Describe an average day in your life.
A typical day for me is waking up around 5 a.m. I have to eat breakfast, just a little something to get me going. I’ll have one or two clients, and then I’ll go work out. Depending on the day, I may have two or three more clients, or I’ll go to yoga. I usually have between 2 and 4 p.m. to do paperwork, write or do social media. I’ll take on more clients from 4:30 to 7:30, and after that, I try to come home and relax a bit or hangout with the people I care about. I always try to get in bed by 9 p.m. I’m definitely one of those people that need 8 or 9 hours of sleep.
How do you motivate your clients?
In dealing with my clients as a personal trainer, I try to get to their heartstrings. Sometimes it takes an hour, sometimes it takes a few weeks, and sometimes it takes a year to find out why they’re really here. Why are we working together? Is it self-confidence? It’s usually not just weight-loss; there’s usually a reason why that person has come to me for help. Everyone has a reason why they want to better their health. I try to motivate women by telling them there is a way. It’s not just intake/outtake, or an A and a B. There’s always a way for everyone individually. Every workout plan is unique because every person is unique. Our emotional attachment to food, our personal relationships, our workouts are all different, so I try to find what’s right for that person so they feel comfortable and want to keep doing whatever it is that brought them to me.
How do you stay so positive?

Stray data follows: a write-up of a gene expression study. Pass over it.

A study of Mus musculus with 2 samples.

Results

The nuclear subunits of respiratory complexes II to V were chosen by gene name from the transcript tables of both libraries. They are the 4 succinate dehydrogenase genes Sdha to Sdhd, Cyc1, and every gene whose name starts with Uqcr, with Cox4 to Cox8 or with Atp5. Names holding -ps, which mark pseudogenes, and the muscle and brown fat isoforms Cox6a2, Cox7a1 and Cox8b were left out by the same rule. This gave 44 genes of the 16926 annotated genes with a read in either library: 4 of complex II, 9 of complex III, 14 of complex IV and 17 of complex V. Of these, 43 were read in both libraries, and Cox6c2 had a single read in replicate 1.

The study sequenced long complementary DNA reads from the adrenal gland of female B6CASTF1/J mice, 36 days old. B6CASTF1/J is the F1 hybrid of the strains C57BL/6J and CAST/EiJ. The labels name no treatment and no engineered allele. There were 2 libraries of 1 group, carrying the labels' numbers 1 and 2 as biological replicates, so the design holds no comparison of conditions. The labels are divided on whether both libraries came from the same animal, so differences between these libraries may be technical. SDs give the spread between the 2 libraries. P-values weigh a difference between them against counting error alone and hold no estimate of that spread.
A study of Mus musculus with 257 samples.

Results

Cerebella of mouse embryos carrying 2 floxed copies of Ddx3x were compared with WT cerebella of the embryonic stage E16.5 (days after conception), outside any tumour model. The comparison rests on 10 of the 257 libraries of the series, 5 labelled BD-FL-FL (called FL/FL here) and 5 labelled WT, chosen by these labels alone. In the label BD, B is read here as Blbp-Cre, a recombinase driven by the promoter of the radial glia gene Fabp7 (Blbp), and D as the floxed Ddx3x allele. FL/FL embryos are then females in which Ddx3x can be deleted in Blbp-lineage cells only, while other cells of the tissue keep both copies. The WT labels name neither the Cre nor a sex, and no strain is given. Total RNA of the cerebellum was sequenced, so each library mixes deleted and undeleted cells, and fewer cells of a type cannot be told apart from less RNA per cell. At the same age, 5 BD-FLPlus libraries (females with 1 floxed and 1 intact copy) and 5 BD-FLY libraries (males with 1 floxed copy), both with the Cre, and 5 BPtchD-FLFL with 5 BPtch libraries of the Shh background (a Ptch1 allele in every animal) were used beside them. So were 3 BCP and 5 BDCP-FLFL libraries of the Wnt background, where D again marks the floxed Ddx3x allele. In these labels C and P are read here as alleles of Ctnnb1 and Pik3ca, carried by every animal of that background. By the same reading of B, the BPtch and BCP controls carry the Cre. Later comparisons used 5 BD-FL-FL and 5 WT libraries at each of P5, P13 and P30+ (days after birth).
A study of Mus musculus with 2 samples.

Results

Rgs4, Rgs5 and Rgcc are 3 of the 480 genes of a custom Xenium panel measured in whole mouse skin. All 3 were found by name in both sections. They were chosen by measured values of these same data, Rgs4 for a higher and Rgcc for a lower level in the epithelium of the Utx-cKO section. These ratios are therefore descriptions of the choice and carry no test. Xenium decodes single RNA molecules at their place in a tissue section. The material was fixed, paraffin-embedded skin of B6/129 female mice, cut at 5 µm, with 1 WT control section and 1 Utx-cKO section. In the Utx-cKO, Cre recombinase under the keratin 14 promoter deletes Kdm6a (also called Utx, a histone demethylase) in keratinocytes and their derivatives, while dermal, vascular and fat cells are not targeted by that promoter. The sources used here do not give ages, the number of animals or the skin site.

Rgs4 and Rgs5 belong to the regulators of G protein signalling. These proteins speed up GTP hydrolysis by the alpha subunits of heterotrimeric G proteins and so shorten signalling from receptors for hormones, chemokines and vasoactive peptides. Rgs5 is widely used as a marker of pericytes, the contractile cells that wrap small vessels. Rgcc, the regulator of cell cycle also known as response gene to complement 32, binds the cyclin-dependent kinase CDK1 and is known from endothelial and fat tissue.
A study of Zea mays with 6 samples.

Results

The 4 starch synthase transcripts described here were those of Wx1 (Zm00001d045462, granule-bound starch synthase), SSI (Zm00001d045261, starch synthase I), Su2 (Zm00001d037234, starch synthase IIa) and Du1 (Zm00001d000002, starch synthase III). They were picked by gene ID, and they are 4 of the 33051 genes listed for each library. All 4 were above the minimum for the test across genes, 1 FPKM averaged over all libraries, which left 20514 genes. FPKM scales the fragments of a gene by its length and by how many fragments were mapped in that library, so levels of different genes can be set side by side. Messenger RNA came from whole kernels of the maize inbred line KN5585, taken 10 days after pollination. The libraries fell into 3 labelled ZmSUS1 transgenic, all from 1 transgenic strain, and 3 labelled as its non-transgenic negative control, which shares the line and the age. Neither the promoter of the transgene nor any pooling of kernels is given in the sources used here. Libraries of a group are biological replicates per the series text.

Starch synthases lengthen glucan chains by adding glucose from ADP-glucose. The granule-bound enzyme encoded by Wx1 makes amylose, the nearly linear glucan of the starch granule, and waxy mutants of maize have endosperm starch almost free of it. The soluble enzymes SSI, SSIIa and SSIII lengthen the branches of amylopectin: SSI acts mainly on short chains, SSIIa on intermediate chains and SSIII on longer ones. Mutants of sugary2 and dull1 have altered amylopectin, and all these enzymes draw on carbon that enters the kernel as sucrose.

We all have ruts. My biggest thing is that I have to work out; I do yoga almost every single day. I usually take one day off a week where I don’t do yoga or workout, but I do keep moving. I have to have that in my day, and the people in my life know that. I just make sure everything is balanced. If I want to go out and enjoy a few glasses of wine, I do. If I’m having a bad day, I try to find out what I need in that moment. Do I need to work out? Do I need my therapist? Do I need to be alone? Every day is different, but I try to make sure I’m always searching for those opportunities to get myself out of the funk or learn why I’m in it and work through it.
What advice do you have for women?
Never give up. I find that women often self-sabotage and get in their own way. They get in their own head; they overthink. I’m a huge over-thinker, but I just start small. Notice the actions; it’s more about show and not tell. Life is all about showing up and trying things, not just sitting at home and waiting for life to happen. So many people say, “I’m waiting,” but you’re going to be waiting your whole life. You have to be an active participant in your own life. Do things that scare you. Reach out to people you don’t know. Investigate your own life. If you’re not fearful of things, you’re really not moving forward. I had a fear of flying for a while, but after my grandpa died, something inside me clicked, and I told myself I didn’t want to be scared anymore. So I worked at it with my therapist for six weeks. In that first flight I took in over four years, I remember sitting there thinking, “I am scared, but this is what living is all about.” If you’re always doing the same thing every day, you’re not really utilizing all that life has to offer.
What’s your favorite pair of shoes?
My worn out, slip-on converse shoes. They’re easy, they’re dirty, and they go with everything. They kind of keep me grounded. They’re not my work shoes. They’re not for going out. They’re just who I am - a little girly and a little tomboy.